Saturday, 26 March 2016

The asset-stripping of Britain continues

At a time when there should be more public knowledge of property ownership, guaranteed by an arm of government, Cameron, Osborne and cronies plan to sell the Land Registry of England and Wales. An announcement of a "consultation" (and we all know what that means) was sneaked out just before the holidays when most MPs had already departed Westminster. If this administration runs true to form (James Moore's commentary here), shares in the private company will be placed with a merchant cabal at a price less than two-thirds of true asset value, while the taxpayer continues to fund employees' pensions. But that is not the worst aspect of the sell-off.

Peter Black AM, who has knowledge of the Land Registry unrivalled within the Welsh Assembly, outlined back in November the needless damage which privatisation would inflict. He pointed out that Tory pressure for the sale was resisted by Liberal Democrat ministers during the period of the Coalition. I would also warn of the dangers that putting the Registry totally within the private sector would bring, including pricing (already too high in my opinion) which could make enquiries by ordinary people prohibitive, and pressures by large corporations threatening the objectivity of the organisation. I doubt the strength of the safeguards proposed in the official media release.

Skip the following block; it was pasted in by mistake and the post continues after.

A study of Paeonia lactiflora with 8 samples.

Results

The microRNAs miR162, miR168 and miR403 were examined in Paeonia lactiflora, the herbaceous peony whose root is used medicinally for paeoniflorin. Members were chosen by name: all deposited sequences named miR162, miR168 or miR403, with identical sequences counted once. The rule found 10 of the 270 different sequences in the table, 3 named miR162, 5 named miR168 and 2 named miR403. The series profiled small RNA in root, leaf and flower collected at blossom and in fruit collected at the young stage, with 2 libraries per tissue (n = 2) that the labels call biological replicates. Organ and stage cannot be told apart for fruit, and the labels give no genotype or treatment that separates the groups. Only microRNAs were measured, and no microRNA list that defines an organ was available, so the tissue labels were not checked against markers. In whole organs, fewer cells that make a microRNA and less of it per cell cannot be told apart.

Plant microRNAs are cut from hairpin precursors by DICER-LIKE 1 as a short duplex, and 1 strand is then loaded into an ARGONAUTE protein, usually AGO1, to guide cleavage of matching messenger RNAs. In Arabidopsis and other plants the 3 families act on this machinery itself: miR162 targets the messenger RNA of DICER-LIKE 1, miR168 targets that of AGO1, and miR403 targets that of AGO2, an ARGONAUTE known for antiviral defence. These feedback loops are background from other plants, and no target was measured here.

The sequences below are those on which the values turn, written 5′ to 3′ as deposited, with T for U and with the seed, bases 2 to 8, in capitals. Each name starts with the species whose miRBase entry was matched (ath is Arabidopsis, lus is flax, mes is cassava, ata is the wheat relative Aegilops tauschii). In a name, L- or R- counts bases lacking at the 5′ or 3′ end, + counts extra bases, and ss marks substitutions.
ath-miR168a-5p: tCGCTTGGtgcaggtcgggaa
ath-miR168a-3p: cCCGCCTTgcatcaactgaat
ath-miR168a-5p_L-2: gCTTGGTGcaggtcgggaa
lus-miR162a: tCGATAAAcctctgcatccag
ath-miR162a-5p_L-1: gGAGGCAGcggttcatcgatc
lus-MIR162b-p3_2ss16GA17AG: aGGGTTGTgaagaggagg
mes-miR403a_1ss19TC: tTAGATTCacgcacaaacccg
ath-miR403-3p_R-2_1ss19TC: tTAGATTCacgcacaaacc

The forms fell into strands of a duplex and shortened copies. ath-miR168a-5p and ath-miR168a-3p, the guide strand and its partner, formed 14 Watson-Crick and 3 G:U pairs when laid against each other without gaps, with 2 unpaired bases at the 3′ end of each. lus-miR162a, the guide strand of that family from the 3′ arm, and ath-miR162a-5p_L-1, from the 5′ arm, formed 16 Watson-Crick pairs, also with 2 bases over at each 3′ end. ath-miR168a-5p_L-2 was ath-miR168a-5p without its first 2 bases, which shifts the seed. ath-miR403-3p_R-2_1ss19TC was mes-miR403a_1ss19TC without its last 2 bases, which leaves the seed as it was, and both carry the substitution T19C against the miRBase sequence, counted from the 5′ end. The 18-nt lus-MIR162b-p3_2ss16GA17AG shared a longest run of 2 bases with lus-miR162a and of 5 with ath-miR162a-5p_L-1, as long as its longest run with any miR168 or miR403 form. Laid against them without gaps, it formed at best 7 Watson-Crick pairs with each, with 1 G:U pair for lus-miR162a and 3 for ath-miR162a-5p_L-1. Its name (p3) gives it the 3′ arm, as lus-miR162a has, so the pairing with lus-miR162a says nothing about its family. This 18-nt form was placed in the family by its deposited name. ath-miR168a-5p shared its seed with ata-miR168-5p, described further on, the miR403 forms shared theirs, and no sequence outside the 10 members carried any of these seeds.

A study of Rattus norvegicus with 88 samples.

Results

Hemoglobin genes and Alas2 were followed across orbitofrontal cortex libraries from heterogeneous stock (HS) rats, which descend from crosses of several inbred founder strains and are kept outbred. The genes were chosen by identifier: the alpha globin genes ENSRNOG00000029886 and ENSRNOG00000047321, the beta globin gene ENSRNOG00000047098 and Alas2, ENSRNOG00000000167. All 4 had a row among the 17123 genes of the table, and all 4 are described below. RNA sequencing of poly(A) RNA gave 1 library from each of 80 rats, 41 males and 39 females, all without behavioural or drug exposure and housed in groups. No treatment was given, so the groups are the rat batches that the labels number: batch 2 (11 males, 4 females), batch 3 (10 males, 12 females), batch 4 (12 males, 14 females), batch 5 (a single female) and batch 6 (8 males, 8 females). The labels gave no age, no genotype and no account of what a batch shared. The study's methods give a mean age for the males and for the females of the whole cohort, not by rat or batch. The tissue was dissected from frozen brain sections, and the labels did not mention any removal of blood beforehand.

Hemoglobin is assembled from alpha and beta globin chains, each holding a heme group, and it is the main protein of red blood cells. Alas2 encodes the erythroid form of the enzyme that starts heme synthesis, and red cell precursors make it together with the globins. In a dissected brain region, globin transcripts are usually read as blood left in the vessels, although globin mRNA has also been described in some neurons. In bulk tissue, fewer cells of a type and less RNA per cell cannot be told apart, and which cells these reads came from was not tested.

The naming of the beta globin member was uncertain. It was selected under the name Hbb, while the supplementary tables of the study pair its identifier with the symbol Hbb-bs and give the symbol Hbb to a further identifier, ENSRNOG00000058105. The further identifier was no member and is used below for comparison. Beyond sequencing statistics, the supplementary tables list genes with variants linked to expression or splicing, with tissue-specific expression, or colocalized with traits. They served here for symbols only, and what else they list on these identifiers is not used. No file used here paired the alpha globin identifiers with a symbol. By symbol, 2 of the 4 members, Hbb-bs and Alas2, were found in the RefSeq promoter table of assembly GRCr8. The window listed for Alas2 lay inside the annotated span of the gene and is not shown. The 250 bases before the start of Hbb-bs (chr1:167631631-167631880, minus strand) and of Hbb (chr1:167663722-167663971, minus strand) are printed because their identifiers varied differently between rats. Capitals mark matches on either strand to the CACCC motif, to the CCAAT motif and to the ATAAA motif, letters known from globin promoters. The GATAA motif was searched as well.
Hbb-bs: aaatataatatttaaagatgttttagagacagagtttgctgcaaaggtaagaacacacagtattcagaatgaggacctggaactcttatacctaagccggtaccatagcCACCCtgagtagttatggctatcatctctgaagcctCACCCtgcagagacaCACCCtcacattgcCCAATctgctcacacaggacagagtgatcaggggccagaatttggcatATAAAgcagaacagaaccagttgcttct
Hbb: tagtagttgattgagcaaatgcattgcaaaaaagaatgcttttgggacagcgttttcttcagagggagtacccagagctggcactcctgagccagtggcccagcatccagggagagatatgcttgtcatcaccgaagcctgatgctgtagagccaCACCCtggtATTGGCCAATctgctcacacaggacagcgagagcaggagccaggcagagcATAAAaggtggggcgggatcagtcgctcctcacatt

It appears from the wikipedia entry on land registration that England and Wales would be unique in the civilised world in putting the operation of the registry in private hands. Even in the Land of the Free, individual state governments administer land registers.

Scotland, which anticipated England and Wales by over two hundred yearshas more sense.